I’ll admit it: I feel flattered that men read my blog and indicate that they like what they see. At the same time, the knowledge that they read troubles me, especially when I use this platform to teach Scripture. Don’t they realize that, by following my blog, they put me in the position of being disobedient to the Lord?
11 Let a woman learn quietly with all submissiveness. 12 I do not permit a woman to teach or to exercise authority over a man; rather, she is to remain quiet. 13 For Adam was formed first, then Eve; 14 and Adam was not deceived, but the woman was deceived and became a transgressor. ~~1 Timothy 2:11-14 (ESV)
Although I have absolutely no objection to a husband investigating my writing to ensure that I don’t steer their wives toward false doctrine, I hope that they stop reading once they feel assured that they can trust me to instruct their wives according to Scripture. I do have my husband read everything I write since he is my direct spiritual authority, and I’m comforted to know that my pastor occasionally checks up on me. Further, when I mention a specific ministry or event (such as Truth Remains), common courtesy dictates that I ask the men involved to read that particular post.
But as a general rule, men simply should not read The Outspoken TULIP. The knowledge that several gentlemen do read, and even follow, this blog restricts my freedom to offer ladies the teaching that I know I can give.
Women flock to teachers like Beth Moore and Joyce Meyer partly because few women write books and blogs that provide solid Biblical content. By God’s providence, a growing number of women who do actually handle His Word correctly, and obediently refuse to extend their ministry to include men, are beginning to write books and blogs that offer substantive teaching. Believe me, Christian women desperately need that wholesome alternative to the garbage that constitutes most of evangelical women’s ministry!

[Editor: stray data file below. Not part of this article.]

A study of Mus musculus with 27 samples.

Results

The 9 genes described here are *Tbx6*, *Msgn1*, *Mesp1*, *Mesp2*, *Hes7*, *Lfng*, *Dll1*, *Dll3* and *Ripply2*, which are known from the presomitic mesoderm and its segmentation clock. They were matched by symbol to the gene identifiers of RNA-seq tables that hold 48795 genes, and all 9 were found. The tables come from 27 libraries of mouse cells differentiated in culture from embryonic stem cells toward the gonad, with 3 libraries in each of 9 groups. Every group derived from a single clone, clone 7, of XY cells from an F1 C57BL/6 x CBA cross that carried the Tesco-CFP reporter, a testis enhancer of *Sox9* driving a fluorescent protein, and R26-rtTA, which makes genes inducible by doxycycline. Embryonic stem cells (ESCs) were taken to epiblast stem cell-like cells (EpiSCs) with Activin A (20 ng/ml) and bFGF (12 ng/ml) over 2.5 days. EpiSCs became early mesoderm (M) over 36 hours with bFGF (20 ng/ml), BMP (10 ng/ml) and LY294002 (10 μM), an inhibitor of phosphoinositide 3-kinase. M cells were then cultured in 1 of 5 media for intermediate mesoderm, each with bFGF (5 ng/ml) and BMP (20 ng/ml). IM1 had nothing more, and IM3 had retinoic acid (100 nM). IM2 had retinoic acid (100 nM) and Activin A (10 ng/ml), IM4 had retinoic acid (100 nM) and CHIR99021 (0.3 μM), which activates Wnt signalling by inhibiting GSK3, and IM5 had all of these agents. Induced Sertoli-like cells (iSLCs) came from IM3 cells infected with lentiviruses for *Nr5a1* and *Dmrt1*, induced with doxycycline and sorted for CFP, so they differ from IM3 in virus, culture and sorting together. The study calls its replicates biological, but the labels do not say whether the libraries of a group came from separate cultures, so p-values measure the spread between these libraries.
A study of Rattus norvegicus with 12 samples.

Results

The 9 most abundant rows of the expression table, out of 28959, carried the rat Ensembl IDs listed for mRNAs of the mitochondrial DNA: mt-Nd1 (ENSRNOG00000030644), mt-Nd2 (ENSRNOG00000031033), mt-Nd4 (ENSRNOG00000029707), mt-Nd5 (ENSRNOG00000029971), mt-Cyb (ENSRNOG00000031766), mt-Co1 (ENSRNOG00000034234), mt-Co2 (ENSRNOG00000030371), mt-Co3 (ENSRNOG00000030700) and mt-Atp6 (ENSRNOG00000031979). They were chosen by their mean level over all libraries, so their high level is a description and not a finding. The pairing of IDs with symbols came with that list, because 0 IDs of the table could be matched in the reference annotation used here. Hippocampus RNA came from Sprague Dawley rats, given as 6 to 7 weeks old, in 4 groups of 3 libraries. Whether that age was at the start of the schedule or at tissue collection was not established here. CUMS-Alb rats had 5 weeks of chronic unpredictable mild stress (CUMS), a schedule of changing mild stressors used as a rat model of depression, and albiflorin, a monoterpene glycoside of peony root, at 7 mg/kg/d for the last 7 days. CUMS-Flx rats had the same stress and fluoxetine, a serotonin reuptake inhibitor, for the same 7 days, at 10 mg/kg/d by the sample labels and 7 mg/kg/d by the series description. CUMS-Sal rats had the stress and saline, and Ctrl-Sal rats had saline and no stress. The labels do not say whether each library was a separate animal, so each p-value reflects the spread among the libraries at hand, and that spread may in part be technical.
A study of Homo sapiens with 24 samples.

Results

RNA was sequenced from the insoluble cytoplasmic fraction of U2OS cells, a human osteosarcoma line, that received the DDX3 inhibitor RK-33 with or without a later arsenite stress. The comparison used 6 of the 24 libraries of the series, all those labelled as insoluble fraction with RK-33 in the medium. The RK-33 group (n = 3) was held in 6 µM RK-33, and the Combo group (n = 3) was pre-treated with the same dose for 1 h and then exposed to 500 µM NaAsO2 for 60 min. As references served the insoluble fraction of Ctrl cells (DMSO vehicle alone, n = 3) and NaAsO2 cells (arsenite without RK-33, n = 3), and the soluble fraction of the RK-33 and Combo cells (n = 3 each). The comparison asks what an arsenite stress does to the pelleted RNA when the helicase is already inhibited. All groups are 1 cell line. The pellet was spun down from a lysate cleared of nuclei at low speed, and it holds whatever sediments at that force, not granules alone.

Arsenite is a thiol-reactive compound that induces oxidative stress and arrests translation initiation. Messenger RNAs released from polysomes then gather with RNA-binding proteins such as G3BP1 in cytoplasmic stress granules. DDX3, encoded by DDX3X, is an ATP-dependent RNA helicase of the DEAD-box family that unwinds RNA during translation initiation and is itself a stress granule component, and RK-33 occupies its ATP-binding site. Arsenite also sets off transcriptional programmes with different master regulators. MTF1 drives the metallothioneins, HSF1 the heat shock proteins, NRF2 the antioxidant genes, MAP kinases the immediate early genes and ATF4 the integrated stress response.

I may not be as skilled as Erin Benziger, Elizabeth Prata or Michelle Lesley. I won’t presume to consider myself equal to them in terms of teaching credentials. Nevertheless, I believe I can teach through my writing reasonably well if given the chance. As long as men regularly read my blog, however, they inhibit me from developing any teaching abilities I may have.
To be fair, men may not understand that writing wields the same spiritual authority as standing in a pulpit. But if you’ll think about it, you’ll quickly see that writers and bloggers potentially reach far more people (and consequently influence far more people) than the average pastor does. This potential sphere of influence in turn gives a writer or blogger even greater authority (numerically) than a pastor has. So, even through my blog is a different venue from a church building, writing unavoidably places me in spiritual authority any time I write about the Lord.
So I beg my brothers in Christ to read some of the many Reformed Theology blogs written by men. Leave me with the freedom to minister to women in keeping with Titus 2:3-5. The honor of the Lord means more to me than feeling flattered that men, no matter how godly they may be, enjoy my writing. If they believe my blog glorifies the Lord Jesus Christ, I pray they’d recommend it to their wives, daughters, sisters, aunts, nieces and other women they know. That response from men would mean so much to me!